Thursday, December 14, 2006

Trade on Human Terms

Event Title: Trade on Human Terms
Sponsor: Carnegie Endowment for International Peace
Location: Carnegie Endowment for International Peace
Date: October 18, 2006
Time: 12pm - 2pm
Approximate Number of Attendees: 100
Intern Attending: Kristin Broyhill

Speakers: Hafiz Pusha, UNDP Asia-Pacific Regional Director; Sandra Polaski, Carnegie Endowment; David Walters, United States Trade Representative.

In July 2006, the United Nations Development Program published the Asia-Pacific Human Development Report: Trade on Human Terms, concentrating on the needs of balanced trade, transitional periods, trade protections and free trade agreements among the developing Asian countries.

Trade liberalization carried promises of increased development leading to poverty reduction. However, the WTO failed to properly manage globalization, which resulted in an unequal balance of trade. This in turn led to unequal development within and among regions. Looking at these results, it can be argued globalization has failed to deliver its promises to the masses.

Beginning in the 1980’s, Asia’s strong holds, China and India, took advantage of trade liberalization and built strong economies via their manufacturing and service industries, respectively. However, with China and India’s regional and global trade domination, the area’s Least Developed Countries (LCDs) were unable to compete in and had little to no access to their regional trading markets; much less the global markets. This trade imbalance left LCDs further behind in development and poverty alleviation. Special treatment of LDCs regarding tariffs and critical economic sector protections is necessary in order to enable LCDs to survive and specialize internally before being exposed to the global market.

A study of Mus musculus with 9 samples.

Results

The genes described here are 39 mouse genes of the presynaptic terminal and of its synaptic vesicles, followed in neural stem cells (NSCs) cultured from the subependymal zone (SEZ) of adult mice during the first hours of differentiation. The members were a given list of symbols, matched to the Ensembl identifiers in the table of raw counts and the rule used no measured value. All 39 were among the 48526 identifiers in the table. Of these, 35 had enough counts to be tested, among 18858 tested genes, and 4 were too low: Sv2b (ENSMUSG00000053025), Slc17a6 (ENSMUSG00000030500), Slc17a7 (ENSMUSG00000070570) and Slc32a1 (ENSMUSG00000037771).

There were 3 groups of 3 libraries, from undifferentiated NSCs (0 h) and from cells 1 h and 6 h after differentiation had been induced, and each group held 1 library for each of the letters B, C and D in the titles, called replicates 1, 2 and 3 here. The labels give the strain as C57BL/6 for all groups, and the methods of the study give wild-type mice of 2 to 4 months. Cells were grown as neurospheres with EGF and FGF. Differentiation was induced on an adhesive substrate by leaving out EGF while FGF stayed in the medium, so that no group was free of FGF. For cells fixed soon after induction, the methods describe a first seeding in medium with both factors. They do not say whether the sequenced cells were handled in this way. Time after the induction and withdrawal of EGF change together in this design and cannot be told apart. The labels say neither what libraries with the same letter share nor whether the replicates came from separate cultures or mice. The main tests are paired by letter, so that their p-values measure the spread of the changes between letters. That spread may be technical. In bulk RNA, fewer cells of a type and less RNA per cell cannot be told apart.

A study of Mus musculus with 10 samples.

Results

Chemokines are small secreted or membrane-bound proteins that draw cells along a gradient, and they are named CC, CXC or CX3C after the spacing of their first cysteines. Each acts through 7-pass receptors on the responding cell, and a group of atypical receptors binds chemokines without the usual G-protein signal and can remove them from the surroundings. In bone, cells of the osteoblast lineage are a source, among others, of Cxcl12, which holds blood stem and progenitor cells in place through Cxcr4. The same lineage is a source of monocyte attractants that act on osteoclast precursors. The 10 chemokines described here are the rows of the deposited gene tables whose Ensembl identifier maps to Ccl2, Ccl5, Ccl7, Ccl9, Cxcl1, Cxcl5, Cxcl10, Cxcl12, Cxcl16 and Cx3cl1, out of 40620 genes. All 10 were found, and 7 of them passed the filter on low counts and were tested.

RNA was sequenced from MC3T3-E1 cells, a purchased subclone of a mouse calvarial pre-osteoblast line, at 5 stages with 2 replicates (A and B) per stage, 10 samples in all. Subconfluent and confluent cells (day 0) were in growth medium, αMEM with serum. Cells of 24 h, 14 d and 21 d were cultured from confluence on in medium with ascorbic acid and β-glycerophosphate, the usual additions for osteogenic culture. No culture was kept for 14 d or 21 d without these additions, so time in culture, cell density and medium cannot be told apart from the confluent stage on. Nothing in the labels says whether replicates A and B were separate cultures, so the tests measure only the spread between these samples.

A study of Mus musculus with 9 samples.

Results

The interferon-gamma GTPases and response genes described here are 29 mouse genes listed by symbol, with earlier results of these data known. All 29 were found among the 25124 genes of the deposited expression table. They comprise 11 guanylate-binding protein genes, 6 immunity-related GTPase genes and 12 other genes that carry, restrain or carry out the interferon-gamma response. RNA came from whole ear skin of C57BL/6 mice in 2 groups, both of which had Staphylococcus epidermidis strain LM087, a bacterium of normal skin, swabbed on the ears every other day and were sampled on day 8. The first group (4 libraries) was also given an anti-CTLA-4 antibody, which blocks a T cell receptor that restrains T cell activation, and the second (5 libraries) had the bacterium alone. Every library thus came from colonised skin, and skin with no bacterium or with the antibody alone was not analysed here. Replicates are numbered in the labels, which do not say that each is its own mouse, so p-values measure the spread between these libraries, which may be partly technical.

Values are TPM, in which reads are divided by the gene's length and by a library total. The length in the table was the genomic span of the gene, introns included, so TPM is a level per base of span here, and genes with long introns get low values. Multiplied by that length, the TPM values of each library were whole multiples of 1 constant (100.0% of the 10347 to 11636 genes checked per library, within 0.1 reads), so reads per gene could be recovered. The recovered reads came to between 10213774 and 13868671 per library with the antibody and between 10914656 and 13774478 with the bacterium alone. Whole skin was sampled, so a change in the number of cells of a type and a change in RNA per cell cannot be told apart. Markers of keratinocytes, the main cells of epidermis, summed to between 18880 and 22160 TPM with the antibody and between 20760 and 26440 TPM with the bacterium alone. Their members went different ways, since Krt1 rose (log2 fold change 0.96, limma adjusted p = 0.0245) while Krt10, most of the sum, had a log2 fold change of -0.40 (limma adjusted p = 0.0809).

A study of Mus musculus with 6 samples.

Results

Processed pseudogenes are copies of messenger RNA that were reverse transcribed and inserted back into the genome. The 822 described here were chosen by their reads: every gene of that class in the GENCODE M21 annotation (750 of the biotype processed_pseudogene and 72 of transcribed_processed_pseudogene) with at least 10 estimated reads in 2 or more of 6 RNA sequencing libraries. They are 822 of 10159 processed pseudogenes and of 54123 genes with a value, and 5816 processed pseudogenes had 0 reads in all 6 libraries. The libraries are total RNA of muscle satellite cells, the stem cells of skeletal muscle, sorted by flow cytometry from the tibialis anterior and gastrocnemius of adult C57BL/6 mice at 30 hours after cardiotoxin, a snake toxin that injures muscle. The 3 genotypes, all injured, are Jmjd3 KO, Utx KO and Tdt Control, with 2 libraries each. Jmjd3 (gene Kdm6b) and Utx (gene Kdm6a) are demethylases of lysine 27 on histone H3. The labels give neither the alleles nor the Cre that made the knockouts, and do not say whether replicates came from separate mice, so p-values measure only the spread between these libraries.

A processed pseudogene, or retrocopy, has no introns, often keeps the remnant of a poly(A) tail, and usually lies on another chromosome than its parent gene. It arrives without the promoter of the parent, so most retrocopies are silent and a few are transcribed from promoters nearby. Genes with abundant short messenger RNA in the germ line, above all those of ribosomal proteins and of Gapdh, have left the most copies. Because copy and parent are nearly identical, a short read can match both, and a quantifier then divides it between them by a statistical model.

Since the 1980’s, export product numbers and revenue throughout Asia-Pacific have soared. What is not reflected in those numbers, however, is the increased unemployment rate, decreased wages and depleting working conditions. These have developed partly in response to a lack of monitoring, and increased implementation of competitive quotas by international companies.

To put uneven growth and the regional trade inequality into perspective, in the 1990’s the manufacturing sector of India grew by 11 percent, while job growth was less than 1 percent. Asia-Pacific’s textile exports added up to 18 billion dollars, but the breakdown consisted of almost 15 billion from China, close to 3 billion from India, and the rest split amongst the fourteen other regional LDCs. LDCs have little or no access to China’s market. In 2005, the fourteen Asia-Pacific LDCs together exported 300 million dollars worth to China, while importing 4 billion from China.

The speakers noted that the rural agricultural economies have been hit the hardest by globalization. Western subsidies and free trade agreements have enabled Western producers to sell their products in developing countries at prices that undercut local producers and their product prices.

Trade is an important part of poverty reduction. However, the WTO and developing countries must look at employment implications sector by sector and plan accordingly in order to absorb and train those recently unemployed. To ensure a balance and smooth transition, protections and gradual sequencing of the steps toward trade liberalization need to be put into place and monitored over a number of years to minimize destabilization, poverty and unemployment.

Most importantly, argued the speakers, rather than a focus on production numbers, trade policy must create a middle class of consumers in order for globalization and trade liberalization to be profitable and sustainable for all.